So how did we do it? At first I had my friend Virginia "leading" Starbuck around the pen but without any line, just moving her off with body language. Then we tried just cueing her to move with increasing pressure: 1st a light leg squeeze, then a light kick and vocal cue, then medium kick and vocal cue, then hard kick, vocal cue and a slap with the rope on the neck. But that wasn't working very well, so we tried walking in circles (horses have less balance to the side so it's much easier to get them to move to the side than forward and back) and then straightening up, which worked better but still not 100%.
Finally I remembered something I think I read in one of either John Lyons' or Elisabeth de Corbigny's books: you get them to yield the hindquarters left, then right, then left again, then right again but bending less and less each time until they walk forward. With this I really was able to get the meaning of the leg cue across to her, and for the last 5 minutes or so she consistently moved forward with either a squeeze or a light kick. During the ride I only used a leadline attached to a rope halter to steer, but at the very end of the ride we worked on giving to the bit with lateral flexion right and left. I think maybe three more rides and I'll start using the bridle more than the halter, but I want to get some good impulsion first-- I hate lazy walkers.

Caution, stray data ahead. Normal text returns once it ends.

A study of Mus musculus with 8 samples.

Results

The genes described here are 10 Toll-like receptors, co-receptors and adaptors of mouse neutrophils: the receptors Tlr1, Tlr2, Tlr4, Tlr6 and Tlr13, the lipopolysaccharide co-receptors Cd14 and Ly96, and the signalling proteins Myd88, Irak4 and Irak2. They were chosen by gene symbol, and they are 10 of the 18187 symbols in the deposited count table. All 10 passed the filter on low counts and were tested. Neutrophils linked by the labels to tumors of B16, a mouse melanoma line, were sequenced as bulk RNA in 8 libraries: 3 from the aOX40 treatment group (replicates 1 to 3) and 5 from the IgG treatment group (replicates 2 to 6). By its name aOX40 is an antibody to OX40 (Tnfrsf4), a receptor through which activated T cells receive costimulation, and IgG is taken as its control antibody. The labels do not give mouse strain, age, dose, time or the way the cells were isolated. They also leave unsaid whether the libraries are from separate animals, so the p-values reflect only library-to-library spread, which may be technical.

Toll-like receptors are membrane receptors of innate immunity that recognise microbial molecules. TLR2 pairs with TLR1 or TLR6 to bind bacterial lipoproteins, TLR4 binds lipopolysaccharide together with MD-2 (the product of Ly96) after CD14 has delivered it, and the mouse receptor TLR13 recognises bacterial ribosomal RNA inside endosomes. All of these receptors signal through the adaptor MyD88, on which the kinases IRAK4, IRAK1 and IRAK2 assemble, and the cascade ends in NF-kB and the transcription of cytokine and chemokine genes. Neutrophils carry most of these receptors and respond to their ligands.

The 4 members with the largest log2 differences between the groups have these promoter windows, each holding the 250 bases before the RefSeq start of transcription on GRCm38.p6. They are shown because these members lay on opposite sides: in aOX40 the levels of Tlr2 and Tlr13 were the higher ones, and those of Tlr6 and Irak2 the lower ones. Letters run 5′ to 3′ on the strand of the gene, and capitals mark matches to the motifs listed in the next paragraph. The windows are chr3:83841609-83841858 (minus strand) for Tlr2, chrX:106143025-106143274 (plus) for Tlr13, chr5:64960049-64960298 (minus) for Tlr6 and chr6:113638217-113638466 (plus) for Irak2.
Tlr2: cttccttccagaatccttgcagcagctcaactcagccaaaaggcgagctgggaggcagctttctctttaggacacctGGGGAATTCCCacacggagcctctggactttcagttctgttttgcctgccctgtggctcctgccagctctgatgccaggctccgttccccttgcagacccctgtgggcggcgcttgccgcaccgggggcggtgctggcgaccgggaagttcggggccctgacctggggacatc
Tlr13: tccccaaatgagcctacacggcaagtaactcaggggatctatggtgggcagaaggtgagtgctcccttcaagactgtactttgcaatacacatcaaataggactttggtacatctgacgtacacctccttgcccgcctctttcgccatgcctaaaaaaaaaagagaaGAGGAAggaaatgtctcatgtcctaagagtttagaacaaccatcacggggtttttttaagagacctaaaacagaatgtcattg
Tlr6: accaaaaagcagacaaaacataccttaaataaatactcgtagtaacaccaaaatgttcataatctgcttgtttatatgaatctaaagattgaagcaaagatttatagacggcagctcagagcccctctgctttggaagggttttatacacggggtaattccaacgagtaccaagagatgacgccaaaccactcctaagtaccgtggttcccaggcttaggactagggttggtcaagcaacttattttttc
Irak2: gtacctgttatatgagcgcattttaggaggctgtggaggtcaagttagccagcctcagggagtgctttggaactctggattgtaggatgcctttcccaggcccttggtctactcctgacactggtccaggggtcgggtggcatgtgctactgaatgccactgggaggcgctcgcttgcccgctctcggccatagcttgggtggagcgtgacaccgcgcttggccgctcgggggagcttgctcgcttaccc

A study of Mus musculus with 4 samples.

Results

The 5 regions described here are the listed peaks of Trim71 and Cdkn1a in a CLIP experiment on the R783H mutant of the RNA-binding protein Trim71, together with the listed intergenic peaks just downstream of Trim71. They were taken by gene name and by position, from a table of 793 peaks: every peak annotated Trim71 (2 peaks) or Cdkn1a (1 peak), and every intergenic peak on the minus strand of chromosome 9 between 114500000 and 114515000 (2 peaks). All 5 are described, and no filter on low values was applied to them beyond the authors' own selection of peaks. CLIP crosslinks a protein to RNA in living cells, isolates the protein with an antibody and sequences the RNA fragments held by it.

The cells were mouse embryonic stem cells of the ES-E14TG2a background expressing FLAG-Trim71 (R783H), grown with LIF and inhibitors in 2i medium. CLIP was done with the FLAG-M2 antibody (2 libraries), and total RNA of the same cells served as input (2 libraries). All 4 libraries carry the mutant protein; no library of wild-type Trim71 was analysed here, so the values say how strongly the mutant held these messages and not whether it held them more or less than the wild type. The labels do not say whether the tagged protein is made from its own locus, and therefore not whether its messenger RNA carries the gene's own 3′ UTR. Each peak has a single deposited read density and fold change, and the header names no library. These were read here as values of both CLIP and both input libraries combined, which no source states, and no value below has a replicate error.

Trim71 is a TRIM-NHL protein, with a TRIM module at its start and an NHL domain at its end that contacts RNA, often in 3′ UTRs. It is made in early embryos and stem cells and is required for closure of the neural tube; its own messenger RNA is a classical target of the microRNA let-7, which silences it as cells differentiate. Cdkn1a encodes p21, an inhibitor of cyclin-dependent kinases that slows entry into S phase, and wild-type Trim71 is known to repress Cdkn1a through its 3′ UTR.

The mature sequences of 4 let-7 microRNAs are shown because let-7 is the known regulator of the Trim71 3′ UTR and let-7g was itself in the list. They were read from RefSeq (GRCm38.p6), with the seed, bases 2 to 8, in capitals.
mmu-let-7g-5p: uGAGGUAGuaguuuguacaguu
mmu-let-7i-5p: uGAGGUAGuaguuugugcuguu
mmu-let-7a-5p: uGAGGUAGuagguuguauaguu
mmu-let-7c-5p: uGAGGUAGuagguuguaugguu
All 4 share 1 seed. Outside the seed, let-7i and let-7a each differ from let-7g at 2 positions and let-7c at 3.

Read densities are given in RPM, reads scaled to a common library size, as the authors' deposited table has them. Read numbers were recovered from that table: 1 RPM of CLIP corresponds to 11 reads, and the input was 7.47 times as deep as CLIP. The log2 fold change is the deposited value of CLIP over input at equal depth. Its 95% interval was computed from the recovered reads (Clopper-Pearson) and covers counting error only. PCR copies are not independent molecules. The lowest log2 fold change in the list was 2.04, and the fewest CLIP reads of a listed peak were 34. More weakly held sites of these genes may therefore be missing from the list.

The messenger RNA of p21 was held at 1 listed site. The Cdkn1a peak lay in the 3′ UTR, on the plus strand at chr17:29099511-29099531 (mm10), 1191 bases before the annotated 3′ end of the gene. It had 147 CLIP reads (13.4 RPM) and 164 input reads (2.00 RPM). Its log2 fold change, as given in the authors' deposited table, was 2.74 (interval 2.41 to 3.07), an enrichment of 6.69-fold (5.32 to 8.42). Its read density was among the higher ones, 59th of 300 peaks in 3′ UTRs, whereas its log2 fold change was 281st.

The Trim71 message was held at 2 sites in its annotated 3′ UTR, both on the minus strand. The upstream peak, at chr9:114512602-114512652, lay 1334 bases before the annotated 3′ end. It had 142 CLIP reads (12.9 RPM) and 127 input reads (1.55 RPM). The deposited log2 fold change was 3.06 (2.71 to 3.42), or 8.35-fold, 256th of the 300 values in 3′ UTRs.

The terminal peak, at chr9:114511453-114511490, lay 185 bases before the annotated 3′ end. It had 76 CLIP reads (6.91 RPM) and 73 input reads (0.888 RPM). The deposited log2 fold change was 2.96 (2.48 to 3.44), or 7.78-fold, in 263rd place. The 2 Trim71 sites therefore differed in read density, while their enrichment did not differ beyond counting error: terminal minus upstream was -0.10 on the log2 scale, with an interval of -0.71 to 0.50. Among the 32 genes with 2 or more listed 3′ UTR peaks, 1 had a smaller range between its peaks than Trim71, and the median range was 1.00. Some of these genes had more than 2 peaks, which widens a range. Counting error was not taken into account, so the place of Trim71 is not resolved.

The whole way back to work I was BEAMING, I really feel proud of myself and of Starbuck for reaching this goal-- and without any broken bones (knock on wood). I know that we still have a loooooooooong way to go, but for me this is a huge step in the right direction. And the best part is that she seems to be mentally 100% comfortable with me on her back and not "sour" at all about it. I have to make sure not to screw that up by pulling on her mouth or not releasing pressure when she responds to a cue... lots of old "lesson horse" habits to break. But that's a whole 'nother story.
I apologize in advance for the video-- it's really long since it encompasses the entire ride, and unfortunately my "tripod" is an orange tree where I don't have a full view of the roundpen, so there are lots of gaps where we're not even visible. If you're interested, just kind of skip around until you see some action.